2. Christmas Song/Christmas Time is Here
3. O, Little Town of Bethlehem
4. O Come, O Come Emmanuel
5. We Three Kings
6. Holiday For Strings
7. Have Yourself a Merry Little Christmas
8. Sleepers, Wake!
9. O Come, All Ye Faithful
10. The Merry Medley: The Man With the Bag/I’d Like You for Christmas/Santa Claus Is Coming to Town
11. I Wonder As I Wander
12. We Wish You a Merry Christmas
13. Silent Night
PURCHASE FROM NEW YORK VOICES
I'm grateful New York Voices sent a copy of "Let It Snow" to Stubby's, though. Because, this year, I doubt I'd have heard it otherwise. And its a beauty, easily one of the best Christmas albums of 2013.
New York Voices have been around for more than 25 years. Though they began as a quintet, the group today is structured a lot like Manhattan Transfer--four very talented vocalists (2 male, 2 female)--bringing multiple musical influences to the table in arrangements that cover the waterfront from a capella to full orchestra. The current lineup features founding members Darmon Meader, Peter Eldridge, and Kim Nazarian, along with Lauren Kinhan (who joined in 1992). New York Voices previously graced us with their stunning arrangement of "I Wonder As I Wander" on the second of GRP's essential "Christmas Collection" records, back in 1991. A decade later, they turned up in a supporting role on Nancy Wilson's full length holiday effort. Another dozen years have passed and, finally, New York Voices have given us a full Christmas album of their own.
As it happens, I'm a big fan of vocal Jazz. The Manhattan Transfer's "Christmas Album" is one I simply must listen to every Christmas. But I'm equally fond of those groups that hew closer to pure Jazz--such as Bug Alley and Lambert, Hendricks, & Ross--and others that tend towards a softer, more sentimental approach that, while still containing Jazz elements, is just as evocative of a fifties pop vocal style (Vocalion and Sonos are the first that come to mind). On "Let It Snow", New York Voices showcases their range and their ease at moving from one end to the other on the vocal Jazz spectrum. And they find my absolute "sweet spot" on the title track that opens the set.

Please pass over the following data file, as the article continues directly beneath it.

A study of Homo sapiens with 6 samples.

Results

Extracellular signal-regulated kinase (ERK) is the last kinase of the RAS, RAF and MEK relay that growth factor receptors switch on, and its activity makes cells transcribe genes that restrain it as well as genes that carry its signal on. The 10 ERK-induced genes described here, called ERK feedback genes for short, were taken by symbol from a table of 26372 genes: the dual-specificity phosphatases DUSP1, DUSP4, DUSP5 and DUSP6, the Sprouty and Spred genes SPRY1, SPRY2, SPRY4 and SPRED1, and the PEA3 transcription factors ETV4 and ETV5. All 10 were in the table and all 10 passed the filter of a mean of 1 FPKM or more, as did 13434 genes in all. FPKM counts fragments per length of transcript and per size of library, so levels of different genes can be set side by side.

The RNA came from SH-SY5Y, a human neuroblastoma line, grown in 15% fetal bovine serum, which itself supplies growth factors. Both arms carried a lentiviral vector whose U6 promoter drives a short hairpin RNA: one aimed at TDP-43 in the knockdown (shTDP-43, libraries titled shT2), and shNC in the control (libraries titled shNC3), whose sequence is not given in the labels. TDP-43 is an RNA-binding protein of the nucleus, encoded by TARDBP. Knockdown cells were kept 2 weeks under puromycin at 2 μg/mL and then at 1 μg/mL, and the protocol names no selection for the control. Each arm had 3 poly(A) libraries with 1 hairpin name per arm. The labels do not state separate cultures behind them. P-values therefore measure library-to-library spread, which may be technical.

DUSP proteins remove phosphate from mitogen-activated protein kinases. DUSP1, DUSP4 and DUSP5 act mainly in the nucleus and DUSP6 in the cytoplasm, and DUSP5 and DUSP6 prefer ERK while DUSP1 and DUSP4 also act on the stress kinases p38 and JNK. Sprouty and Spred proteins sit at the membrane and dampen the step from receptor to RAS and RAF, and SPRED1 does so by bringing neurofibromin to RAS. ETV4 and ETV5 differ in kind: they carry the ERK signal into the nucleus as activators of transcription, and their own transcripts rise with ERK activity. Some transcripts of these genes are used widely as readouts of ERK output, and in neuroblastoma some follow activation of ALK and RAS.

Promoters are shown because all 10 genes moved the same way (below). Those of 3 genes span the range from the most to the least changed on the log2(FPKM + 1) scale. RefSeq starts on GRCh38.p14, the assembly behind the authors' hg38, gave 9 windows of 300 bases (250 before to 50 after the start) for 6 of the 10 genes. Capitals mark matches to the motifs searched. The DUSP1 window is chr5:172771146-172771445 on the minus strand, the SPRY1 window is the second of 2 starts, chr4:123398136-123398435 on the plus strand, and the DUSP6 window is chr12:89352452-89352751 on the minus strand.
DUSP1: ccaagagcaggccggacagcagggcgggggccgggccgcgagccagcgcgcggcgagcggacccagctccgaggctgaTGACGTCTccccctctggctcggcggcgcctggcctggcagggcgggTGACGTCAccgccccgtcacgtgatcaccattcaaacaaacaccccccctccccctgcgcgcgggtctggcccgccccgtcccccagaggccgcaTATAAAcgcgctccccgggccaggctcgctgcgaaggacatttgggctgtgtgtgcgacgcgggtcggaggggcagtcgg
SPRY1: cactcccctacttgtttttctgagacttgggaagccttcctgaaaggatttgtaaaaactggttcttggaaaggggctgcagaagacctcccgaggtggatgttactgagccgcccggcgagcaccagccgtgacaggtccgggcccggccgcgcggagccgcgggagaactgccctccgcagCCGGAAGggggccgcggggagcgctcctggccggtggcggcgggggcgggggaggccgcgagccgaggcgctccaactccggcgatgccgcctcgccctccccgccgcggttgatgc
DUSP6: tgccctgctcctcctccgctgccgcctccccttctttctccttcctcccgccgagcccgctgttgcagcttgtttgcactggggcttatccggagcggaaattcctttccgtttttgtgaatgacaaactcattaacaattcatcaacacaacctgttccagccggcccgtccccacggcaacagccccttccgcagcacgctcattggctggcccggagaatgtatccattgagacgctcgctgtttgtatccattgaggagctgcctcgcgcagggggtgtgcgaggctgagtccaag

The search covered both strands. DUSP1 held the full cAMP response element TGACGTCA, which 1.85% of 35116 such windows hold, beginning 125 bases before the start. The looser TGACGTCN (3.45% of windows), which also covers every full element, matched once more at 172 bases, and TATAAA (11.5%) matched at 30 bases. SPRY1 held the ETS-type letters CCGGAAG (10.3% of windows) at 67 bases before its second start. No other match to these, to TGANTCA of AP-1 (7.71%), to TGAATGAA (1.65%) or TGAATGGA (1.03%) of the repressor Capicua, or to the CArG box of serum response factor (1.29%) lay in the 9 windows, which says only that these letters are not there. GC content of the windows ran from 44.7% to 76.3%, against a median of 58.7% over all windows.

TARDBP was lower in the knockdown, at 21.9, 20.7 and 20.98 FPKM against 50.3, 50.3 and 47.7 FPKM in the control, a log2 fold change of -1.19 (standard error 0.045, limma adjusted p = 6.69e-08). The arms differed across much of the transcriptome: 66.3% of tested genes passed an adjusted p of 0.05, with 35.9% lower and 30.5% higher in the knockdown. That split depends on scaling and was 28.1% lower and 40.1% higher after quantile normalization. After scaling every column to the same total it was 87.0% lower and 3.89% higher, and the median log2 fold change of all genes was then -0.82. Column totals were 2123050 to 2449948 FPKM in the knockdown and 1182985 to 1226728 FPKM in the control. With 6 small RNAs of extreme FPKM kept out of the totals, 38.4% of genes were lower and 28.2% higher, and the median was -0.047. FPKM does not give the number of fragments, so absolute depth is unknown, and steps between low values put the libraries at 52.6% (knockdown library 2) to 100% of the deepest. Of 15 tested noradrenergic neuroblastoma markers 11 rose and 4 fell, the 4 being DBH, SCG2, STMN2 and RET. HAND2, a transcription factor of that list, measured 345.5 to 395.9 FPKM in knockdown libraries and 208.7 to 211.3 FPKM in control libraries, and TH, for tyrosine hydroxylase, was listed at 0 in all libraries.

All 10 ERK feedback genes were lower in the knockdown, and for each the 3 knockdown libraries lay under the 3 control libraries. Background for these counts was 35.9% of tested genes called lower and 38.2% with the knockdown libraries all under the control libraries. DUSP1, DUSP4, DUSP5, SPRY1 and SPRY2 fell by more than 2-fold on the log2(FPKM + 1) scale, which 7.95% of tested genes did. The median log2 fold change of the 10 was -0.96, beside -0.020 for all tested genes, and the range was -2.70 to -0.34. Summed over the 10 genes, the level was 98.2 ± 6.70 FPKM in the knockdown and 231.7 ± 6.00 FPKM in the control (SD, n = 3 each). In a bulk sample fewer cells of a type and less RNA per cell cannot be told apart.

If you like Manhattan Transfer, you'll love "Let It Snow", which scats and bops along its jazzy path without losing any of the warmth and sweetness of the season. It recalls those fifties styles we mentioned above without sounding the least bit dated. New York Voices crafts about as perfect a rendition of the song as has ever been recorded (in my humble opinion). Yep, I even like it better than Manhattan Transfer's take on their essential holiday record.
If you came for the sweet cuddle up by the fireside harmonies, you'll find them no sweeter than New York Voices' medley of "Christmas Time Is Here", the Vince Guaraldi standard, and "The Christmas Song"; you'll swear they were always intended to be together. And there's Jazz to be had in New York Voices' spin around "O Little Town Of Bethlehem".
"We Three Kings" is likely the most complex arrangement on the album. I'm not an arranger and I don't play one on TV, but it seems New York Voices lay it all on the table on that track. I've seen other reviewers dismissively talk of a "Middle Eastern" sound. But, wow, that doesn't begin to describe all that's in here. In just that one song, you can hear all the multitude of these artists' decades of experience (my English teacher would flunk me for this sentence). There's a heavy dose of the group's classical influences and even some Broadway musical theatricality. The instrumentation is fine throughout "We Three Kings", but it's the work of the four vocalists that hold this one together.
On the back half, highlights include the reverent "Sleepers, Wake!" and "The Merry Medley". New York Voices also revisit "I Wonder As I Wander", sounding better today than they did 22 years ago, and they close with a beautiful "Silent Night" featuring a capella in both German and English. A personal highlight of mine, on "Let It Snow", is "We Wish You A Merry Christmas"--rarely done as anything more than a throwaway. New York Voices find the Jazz in "We Wish You..." and turn in quite a sweet and full bodied performance that had me smiling throughout.
What didn't I like? Well, I know opinions are going to vary on this, but I hated the inclusion of "Holiday For Strings". Not that they did anything but a superb job on it. But, please, the arguments are still raging as to whether "My Favorite Things" is genuinely a Christmas song, and that's after decades. More recently, "Wonderful World" has been starting to crowd into the Christmas action. Coming, as it did, smack dab in the middle of the CD, I felt I was being cheated out of a fer real Christmas song by its inclusion. There are so, so, so many Christmas songs--many deserving of more attention than they've received. Why would you do this? Hated, hated, can't emphasize enough, hated the inclusion of "Holiday For Strings". But I must forgive this digression as the rest of the record is wonderful. (And, besides, I've been known to push a non-Christmas song into a Christmas mix, well, pretty much every time I do one, so.....guilty, Your Honor; I throw myself on the mercy of the court.)
As a whole, "Let It Snow", the album, is a top shelf effort--easily one of the finest Christmas records this year. And "Let It Snow", the title track? That sucker is dead on perfect. The New York Voices rendition is going straight to the Stubbys Hall of Fame (if there were such a thing). Bravo, New York Voices! Now don't make us wait another 25 years for your next Christmas album.